While the Phoenix Suns finishing the 2016-17 season last in the conference at 24-58 was not the result fans hoped for, the franchise’s 49th season in the Valley wasn’t without bright spots.
With several buzzer-beaters, a 70-point outburst and the rise of young surprises like Tyler Ulis and Alan Williams, the Suns laid what could become the foundation for success in the future, Still, the young squad was not the best statistically, finishing in bottom 10 on both offense and defense. Across the stat sheet, the numbers show some good signs but also the need for a lot of growth.
With Ulis, Devin Booker, Dragan Bender, Marquese Chriss and Derrick Jones Jr., the Suns roster featured five players 21 years old or younger. The youth movement really culminated on March 23, when the Suns rolled out the youngest starting lineup in NBA history. Not only was this the youngest group of starters, the average age was below that of all but one team playing in the Sweet 16 that day.
The Suns ranked first in the NBA in two-point shots (2,655) made as well as free throws (1,676), improving from 21st and 13th in those categories a season ago. While leading the league in two methods of scoring seems like a recipe for winning, it was not. The Suns fell from 11th in three-pointers per game to 29th (8.5), giving them a rough ride in a league that never stops firing from deep.
Devin Booker scored 70 points in an NBA game, becoming the sixth player in history to do so.
In total, Booker scored 1,726 points in the 2016-17 season, the second-most by any sophomore in Suns’ history. He also dished out 268 assists, eighth-most for any second-year Sun.
The Suns finished second in the NBA in pace this season, behind only the Brooklyn Nets. The quick feet of the young roster continued a long legacy in Phoenix basketball. The Suns have finished top 10 in the NBA in pace every season since 1997-98 (they were 11th). The hustle paid off on the scoreboard as the Suns finished second in the NBA with 22.2 transition points per game. The wild pace led to a very high shot volume, with the Suns taking 7,260 shots, the most by any Suns team since 2000.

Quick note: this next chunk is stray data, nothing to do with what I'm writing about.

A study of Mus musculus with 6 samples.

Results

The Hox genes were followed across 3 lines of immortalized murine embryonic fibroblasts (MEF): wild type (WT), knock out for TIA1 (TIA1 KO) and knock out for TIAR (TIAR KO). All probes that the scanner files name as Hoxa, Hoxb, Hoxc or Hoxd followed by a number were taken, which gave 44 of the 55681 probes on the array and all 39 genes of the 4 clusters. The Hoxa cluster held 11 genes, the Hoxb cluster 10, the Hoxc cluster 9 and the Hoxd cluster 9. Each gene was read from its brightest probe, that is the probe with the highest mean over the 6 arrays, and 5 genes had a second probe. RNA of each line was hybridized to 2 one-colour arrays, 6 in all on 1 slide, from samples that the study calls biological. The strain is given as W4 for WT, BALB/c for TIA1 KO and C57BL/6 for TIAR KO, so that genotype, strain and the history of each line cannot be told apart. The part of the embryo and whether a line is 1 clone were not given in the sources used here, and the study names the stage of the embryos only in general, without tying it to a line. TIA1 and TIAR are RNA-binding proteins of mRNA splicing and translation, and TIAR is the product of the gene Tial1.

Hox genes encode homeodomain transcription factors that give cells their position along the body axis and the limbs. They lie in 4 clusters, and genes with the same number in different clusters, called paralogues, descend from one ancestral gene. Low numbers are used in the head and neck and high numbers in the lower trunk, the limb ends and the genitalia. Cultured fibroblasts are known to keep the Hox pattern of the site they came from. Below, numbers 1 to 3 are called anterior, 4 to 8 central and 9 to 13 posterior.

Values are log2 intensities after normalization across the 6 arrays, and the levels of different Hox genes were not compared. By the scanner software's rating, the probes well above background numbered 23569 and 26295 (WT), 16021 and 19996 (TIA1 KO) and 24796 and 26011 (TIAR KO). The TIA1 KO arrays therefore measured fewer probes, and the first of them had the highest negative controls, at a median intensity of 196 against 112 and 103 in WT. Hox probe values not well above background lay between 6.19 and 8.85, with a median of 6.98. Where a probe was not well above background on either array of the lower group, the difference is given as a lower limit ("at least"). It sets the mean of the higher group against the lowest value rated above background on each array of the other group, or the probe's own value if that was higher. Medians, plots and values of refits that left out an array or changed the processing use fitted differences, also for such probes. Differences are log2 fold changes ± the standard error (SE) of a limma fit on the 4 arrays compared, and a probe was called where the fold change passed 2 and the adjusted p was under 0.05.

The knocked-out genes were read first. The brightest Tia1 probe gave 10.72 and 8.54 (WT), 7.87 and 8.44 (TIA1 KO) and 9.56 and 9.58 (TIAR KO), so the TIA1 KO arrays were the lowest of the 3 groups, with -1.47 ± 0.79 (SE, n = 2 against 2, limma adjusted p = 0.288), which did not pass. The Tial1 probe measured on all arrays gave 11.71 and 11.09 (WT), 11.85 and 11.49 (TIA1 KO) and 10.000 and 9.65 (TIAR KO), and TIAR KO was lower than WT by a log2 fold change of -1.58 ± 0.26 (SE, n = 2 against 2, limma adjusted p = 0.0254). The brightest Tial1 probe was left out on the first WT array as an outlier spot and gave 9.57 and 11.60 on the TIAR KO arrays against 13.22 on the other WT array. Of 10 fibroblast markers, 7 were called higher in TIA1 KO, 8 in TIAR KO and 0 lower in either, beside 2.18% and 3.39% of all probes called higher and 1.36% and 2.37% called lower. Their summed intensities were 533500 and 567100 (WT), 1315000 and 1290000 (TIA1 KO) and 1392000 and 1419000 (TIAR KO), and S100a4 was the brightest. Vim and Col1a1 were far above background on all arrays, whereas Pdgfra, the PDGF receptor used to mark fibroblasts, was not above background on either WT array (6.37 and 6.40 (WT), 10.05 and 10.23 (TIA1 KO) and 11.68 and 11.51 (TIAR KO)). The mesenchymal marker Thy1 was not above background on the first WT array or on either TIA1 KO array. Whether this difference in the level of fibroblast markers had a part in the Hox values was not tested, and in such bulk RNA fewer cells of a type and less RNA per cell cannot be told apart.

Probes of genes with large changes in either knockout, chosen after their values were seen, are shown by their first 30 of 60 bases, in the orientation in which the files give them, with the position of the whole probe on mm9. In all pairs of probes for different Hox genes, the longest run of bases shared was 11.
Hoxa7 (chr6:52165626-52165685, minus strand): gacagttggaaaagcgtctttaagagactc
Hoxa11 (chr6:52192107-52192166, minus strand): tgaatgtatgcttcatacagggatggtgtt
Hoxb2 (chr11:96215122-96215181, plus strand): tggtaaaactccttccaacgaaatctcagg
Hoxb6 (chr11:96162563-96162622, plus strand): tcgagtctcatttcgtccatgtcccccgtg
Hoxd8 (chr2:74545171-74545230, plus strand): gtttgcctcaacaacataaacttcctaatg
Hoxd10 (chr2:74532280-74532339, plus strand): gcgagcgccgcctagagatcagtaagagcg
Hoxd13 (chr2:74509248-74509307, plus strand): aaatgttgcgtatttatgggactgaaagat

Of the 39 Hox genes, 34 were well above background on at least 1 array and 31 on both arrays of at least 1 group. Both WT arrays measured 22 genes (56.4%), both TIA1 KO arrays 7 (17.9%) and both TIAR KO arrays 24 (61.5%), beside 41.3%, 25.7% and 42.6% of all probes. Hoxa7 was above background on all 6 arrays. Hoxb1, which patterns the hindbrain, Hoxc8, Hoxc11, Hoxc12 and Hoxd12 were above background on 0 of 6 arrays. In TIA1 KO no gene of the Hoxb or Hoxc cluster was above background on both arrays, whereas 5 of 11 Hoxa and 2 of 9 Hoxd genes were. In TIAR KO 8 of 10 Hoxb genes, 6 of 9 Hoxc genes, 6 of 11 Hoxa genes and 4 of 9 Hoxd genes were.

Playing at such a frantic pace means the defense is likely to struggle. Struggle it did, as the Suns gave up 113.3 points per game. Not only was this the worst in the NBA this season, it’s the highest average a Suns team has given up since the 1986-87 season. Across the board, the defensive metrics show some work needed on that end. Phoenix finished 28th in defensive efficiency despite being sixth in steals and 13th in blocks.
Tyson Chandler collected 545 rebounds during the season. Given that he played in 47 games, this was enough to put him eighth in rebounds per game in the league. His average of 11.5 rebounds also ranks 11th in Suns history for a single season. As a team, the Suns ranked sixth in the NBA in rebounds per game, a slight improvement from seventh last season.
Eric Bledsoe finished the season averaging 21.1 points, 4.8 rebounds and 6.3 assists. It’s the second season he’s averaged at least 20 points, four rebounds and six assists for the Suns. This is the sixth time in franchise history a player has posted those averages, and Gail Goodrich is the only other player to do so multiple times. The last player to do it before Bledsoe was Kevin Johnson in 1988-89.
Chriss also became the first Suns rookie to play in all 82 games since Markieff Morris in 2012-13. Among all rookies this season, Chriss led the class with 75 starts and was one of three not to miss a game. The Washington product finished fifth in points (753) second in blocks (70) and third in steals (67) among his class.
Bledsoe (21.1) and Booker (22.1) became the first pair of Suns teammates to average 20 points per game each since Stephon Marbury and Amar’e Stoudemire in the 2003-04 season. Bledsoe also became one of 14 Suns players to post multiple 20-point seasons with the team.